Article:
Karen has more details to share about our first few days. Lucky you to get THREE posts from us in a row! Sorry I missed seeing Karen’s email with her write up. — Terri
Many of our group members arrived early this past Sunday morning, bleary eyed but excited to land in Capetown, South Africa! We were greeted by our professor and group leader, Dr. Christine Smith (United Theological Seminary) who had arrived with Dr. Kimberlee Vrudney (University of St. Thomas) two days earlier. We learned that Kim had been asked to give the homily at St. George’s Cathedral—what a surprise!! Within a few minutes, we dropped off our bags and headed directly to worship at the Anglican church and listen to Kim preach during the service led by our third leader, Anglican priest Richard Cogill! We joined Cathy, a group member who had arrived the night before, and shared lots of hugs with her and then with Father Michael Lapsley, who we had met when he visited Minnesota back in October. We’ll have an opportunity to meet with Father Lapsley and visit the Institute for the Healing of Memories later on our trip.
Monday was a fairly relaxed day, with a morning orientation to South Africa session and then an afternoon drive to Boulders Beach at Table Mountain National Park where we visited the park, saw the penguins, met a lady who runs a “fair trade” shop in Simonstown (who was playing my favorite John Denver album when we walked in—very strange and unexpected in South Africa!), and had seafood for dinner at a local restaurant there.
Simonstown is where our co-leader, Rev. Richard Cogill, was born and grew up until he and his family were forced to move to a township when the white South Africans claimed Simonstown as their own under Apartheid. Simonstown has a very British feel to it and had been transformed into a British naval base when the black families were removed.
On Tuesday, we heard from a Dutch Reformed church minister named Laurie, whose father was a prominent minister in the Dutch Reformed church and in the white Afrikaaner community for many years. Laurie, once he realized at quite a young age that there were definite differences in the ways blacks and whites were treated, began to devote his life and work to working in solidarity with persons who were oppressed under the Apartheid system and to work with others to make changes within the Church, “speaking truth to power, and speaking truth to people.”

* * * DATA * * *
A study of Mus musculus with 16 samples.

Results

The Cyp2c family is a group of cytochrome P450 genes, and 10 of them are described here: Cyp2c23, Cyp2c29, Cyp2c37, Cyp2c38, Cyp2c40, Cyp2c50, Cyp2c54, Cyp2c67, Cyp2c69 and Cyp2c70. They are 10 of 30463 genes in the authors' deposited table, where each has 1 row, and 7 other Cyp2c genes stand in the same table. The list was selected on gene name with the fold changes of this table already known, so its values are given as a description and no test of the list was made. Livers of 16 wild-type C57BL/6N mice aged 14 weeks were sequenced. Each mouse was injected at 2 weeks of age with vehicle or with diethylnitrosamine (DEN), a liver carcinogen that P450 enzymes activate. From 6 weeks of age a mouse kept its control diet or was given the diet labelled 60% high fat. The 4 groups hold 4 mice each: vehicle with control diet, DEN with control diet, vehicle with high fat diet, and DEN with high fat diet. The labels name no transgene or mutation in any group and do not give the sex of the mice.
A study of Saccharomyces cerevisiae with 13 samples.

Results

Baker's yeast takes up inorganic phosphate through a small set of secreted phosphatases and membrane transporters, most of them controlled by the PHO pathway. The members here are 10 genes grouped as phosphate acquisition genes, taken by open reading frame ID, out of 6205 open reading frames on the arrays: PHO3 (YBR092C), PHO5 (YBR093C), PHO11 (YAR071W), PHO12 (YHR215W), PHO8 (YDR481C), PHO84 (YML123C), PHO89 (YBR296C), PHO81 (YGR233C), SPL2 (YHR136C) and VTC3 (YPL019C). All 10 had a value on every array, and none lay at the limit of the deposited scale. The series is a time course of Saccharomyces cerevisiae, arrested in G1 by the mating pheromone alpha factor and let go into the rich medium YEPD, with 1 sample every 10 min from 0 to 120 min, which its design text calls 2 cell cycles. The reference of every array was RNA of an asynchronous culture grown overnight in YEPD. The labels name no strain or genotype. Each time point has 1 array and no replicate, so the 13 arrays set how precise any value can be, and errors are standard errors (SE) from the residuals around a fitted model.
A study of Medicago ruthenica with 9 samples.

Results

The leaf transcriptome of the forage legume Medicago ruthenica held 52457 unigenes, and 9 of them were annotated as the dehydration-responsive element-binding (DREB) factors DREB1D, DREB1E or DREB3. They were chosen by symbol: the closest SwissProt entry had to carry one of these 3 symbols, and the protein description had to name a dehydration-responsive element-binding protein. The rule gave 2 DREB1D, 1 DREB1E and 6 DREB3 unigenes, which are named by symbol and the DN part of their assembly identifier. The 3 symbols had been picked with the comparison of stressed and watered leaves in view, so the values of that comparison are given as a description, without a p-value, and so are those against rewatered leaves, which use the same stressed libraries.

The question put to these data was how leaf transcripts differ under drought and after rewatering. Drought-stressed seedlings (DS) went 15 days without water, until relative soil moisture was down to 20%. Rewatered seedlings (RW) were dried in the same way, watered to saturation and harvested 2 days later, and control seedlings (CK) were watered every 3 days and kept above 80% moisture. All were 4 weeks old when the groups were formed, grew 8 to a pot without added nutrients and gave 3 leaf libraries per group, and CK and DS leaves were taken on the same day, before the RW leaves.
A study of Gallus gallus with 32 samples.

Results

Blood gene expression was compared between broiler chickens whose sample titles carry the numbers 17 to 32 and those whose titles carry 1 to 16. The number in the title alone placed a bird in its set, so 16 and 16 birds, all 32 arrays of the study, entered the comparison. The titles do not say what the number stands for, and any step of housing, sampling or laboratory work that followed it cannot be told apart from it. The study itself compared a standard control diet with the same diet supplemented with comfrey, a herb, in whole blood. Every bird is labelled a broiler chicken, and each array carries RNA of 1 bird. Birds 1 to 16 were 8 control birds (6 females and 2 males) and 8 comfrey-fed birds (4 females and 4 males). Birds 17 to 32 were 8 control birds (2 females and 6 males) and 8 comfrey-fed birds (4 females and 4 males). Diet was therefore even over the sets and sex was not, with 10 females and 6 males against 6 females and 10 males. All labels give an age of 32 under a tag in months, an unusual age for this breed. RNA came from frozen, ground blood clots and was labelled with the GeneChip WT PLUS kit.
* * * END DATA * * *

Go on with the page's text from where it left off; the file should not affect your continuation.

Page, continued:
We also were visited by Edwin, who works with an organization called “THE5E NU38ER5 H4VE FACE5″ (These Numbers Have Faces). This group works to sponsor young people living in townships like Guguletu (which we will visit) and help them to get an education. The expectation of these young people (20 this year) is to give back to their communities with at least 100 hours of community service work, to attend TNHF meetings regularly, to maintain contact with and help to support their families, and to be a part of a religious (Christian or other) program. Edwin was joined by Wilmot, a teacher and musician who received the very first South African award for Gospel music to be given to a black man, and by Byron (Wilmot’s son), Rodney, and Xolani, who is one of the young persons sponsored by the program.
Wilmot and Byron played and sang original music for us, and tears were streaming down my face as Byron (age 18) told of why he is moved to play and write music. “It gives me hope…it is plaster on my wounds,” he said. He reminded me of my own two sons (19 and 16) and daughter (14) who write and play and express themselves through their music. I hope that they all have an opportunity to be heard and to see change and justice in the world as they grow.
We are getting to know our surroundings in and around Kolbe House where we are staying for much of our time here, and in Rondebosch, the area we are in. We’re slowly but surely shedding the layers of jet lag that seem to have hung on for some of our group, and we are finding ourselves deep in conversation with each other, with God, with new friends in South Africa, and within our own hearts and minds as we consider what we are hearing and experiencing.
As our lovely South African group leader Richard has already said to us, “South Africans are an eternally hopeful people,” I am also hopeful. I am hopeful that I may learn and grow, that I may be changed by what I experience and come to understand, and I am hopeful that I may be part of change in my own community, church, and in the world.
I am hopeful about today…and about tomorrow.